In the wake of violent worker protests in France, rhetoric over social unrest in Germany is growing as the economic crisis continues to take its toll.
In March, French workers burned tires and set up barricades to protest against job cuts
German presidential candidate Gesine Schwan added her voice to that of top union leader Michael Sommer late on Wednesday, when she warned that the ongoing economic crisis could unleash violent reactions from a distraught population.
"I can well imagine that in two or three months, people's anger will grow considerably," Schwan told the Muenchener Merkur newspaper. That's when some of the government's measures to cushion the blow from the recession - such as filling in the pay gap for people who are forced into shortened work hours - are due to run out.
"If there is no sign of hope for things to improve, then the mood can turn explosive," she added.
If aid measures run out, patience will as well, Schwan warns
Schwan's comments followed those of Sommer, who heads the Federation of German Trade Unions (DGB) umbrella group.
In an intervew with Germany's ARD television, Sommer warned of social unrest comparable to that in the 1930s - when widespread poverty paved the way for the Nazi regime's rise to power.
Fraying tempers in France
The projected economic contraction of up to six percent is comparable with data from the years 1930, 1931 and 1932, Sommer said.
Making the rounds of the German press, Sommer told the Nordwest Zeitung newspaper that if there are mass layoffs, it would be "a provocation for workers and the unions," indicating that "social unrest could no longer be discounted" in Germany.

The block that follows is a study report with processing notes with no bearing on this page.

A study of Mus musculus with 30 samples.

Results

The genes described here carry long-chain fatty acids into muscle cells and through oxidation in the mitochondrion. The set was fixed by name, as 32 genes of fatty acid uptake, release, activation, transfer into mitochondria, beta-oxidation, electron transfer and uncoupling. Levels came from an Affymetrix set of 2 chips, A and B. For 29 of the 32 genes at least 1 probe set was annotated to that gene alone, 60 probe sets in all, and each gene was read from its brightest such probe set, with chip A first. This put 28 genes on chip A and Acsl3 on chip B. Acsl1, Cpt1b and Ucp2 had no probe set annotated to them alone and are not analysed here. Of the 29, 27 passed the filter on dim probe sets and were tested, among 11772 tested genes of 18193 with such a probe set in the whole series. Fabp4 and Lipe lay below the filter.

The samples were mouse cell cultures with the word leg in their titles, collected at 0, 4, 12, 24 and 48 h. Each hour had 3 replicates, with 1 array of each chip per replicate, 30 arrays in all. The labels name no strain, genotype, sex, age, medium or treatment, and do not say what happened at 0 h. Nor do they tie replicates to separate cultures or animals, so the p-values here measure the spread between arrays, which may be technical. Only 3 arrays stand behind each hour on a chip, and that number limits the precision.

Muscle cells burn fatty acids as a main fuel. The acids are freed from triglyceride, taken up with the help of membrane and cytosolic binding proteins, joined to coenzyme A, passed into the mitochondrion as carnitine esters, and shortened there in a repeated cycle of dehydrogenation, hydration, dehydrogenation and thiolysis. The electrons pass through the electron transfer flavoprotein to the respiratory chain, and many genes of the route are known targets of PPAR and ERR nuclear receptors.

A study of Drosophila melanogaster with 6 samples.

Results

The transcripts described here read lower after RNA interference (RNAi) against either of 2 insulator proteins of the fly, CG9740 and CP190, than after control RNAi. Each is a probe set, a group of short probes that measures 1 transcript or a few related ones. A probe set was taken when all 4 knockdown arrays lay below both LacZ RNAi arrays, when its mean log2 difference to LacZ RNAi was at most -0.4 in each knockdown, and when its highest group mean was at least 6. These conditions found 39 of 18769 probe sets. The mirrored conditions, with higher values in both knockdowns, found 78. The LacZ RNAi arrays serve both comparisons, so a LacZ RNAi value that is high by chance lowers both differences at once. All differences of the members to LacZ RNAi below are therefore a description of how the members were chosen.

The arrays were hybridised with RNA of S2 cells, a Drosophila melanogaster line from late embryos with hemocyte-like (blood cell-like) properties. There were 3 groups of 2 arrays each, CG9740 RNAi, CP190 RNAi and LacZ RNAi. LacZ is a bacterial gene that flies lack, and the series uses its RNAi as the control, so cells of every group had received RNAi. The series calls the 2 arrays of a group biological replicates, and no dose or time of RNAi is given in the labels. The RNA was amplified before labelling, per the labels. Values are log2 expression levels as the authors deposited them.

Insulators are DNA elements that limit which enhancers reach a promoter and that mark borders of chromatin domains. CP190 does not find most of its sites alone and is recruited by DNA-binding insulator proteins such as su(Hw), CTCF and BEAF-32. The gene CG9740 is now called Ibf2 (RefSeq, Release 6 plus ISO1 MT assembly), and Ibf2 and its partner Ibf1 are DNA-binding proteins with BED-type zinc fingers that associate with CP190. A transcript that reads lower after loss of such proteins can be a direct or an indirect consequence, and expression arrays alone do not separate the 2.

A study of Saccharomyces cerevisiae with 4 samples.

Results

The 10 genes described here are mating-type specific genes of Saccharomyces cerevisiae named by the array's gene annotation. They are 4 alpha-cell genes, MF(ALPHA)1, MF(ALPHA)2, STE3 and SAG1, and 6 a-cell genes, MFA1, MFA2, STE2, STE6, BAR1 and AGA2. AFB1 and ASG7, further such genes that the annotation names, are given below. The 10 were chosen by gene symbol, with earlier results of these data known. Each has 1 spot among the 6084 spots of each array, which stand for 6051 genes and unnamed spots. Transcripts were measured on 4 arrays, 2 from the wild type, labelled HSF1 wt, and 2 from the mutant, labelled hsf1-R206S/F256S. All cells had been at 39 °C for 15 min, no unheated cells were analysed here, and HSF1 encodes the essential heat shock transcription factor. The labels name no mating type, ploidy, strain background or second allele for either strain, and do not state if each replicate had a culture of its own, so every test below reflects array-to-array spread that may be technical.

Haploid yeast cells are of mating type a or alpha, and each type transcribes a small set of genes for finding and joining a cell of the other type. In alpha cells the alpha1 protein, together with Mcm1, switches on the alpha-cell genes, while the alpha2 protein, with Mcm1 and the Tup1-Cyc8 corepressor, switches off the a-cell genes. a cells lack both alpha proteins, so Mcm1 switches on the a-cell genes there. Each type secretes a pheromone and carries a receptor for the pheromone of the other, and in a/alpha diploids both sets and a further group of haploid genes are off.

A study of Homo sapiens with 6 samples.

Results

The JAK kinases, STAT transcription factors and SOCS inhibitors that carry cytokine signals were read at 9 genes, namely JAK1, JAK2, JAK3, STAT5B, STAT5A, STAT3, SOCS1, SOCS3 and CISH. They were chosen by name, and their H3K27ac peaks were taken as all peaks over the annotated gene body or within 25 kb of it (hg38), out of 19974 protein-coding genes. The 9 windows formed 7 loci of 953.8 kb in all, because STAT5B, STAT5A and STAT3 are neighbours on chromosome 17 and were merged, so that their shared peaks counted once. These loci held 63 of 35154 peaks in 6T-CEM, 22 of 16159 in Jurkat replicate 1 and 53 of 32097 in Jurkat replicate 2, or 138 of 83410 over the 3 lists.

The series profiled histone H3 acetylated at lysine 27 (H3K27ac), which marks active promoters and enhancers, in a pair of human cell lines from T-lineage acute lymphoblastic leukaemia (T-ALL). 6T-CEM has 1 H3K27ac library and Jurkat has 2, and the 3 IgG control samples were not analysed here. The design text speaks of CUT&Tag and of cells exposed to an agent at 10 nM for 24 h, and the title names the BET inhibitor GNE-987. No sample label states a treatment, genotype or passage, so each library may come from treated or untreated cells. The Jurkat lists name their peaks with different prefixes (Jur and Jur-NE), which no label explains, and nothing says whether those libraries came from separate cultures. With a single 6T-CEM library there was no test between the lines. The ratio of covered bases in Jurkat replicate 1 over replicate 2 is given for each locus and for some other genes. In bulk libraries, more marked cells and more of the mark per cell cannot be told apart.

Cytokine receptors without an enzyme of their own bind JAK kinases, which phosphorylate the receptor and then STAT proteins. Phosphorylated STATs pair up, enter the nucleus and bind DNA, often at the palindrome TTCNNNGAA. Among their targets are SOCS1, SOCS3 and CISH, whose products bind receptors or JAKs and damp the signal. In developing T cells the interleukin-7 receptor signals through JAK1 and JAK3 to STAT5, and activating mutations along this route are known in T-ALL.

The seams of civil restraint are already beginning to fray in France - a country known for frequent strikes and an active labor movment.
On Tuesday, a French court rejected a motion brought by employees of a factory run by Germany's Continental AG to block the plant's planned 2010 closure. Citing the steep drop in demand in the automobile sector, Continental announced in March plans to shutter the factory in Clairoix, north of Paris, which employs 1,120.
Smashed windows, destroyed equipment
Workers responded to the ruling by smashing windows and destroying equipment at the factory and regional administrative offices in nearby Compiegne.
Sommer sees parallels with the early 1930s
On Wednesday, factory management distributed fliers reading: "We have no other choice but to suspend production as well as the whole of the site's activities until further notice."
French government officials condemned the workers' rampage, calling it "unacceptable."
Continental workers have drawn nationwide attention, meeting with top government officials at the presidential palace, burning tires in the streets of the capital and leading weeks of protests.
Their actions are part of a wave of increasingly radical employee movements to fight layoffs and cutbacks prompted by France's worst economic performance in 30 years. Workers have held managers hostage and blocked production at sites around the country.
On Tuesday, workers in southwest France released two bosses held for two days over plans to shut a subsidiary of American automotive company Molex.
French Prime Minister Francois Fillon criticized what he called a small minority of "very violent" workers who are hijacking peaceful union mediation efforts. He called for charges to be laid against the rampaging workers, the AP news agency reported.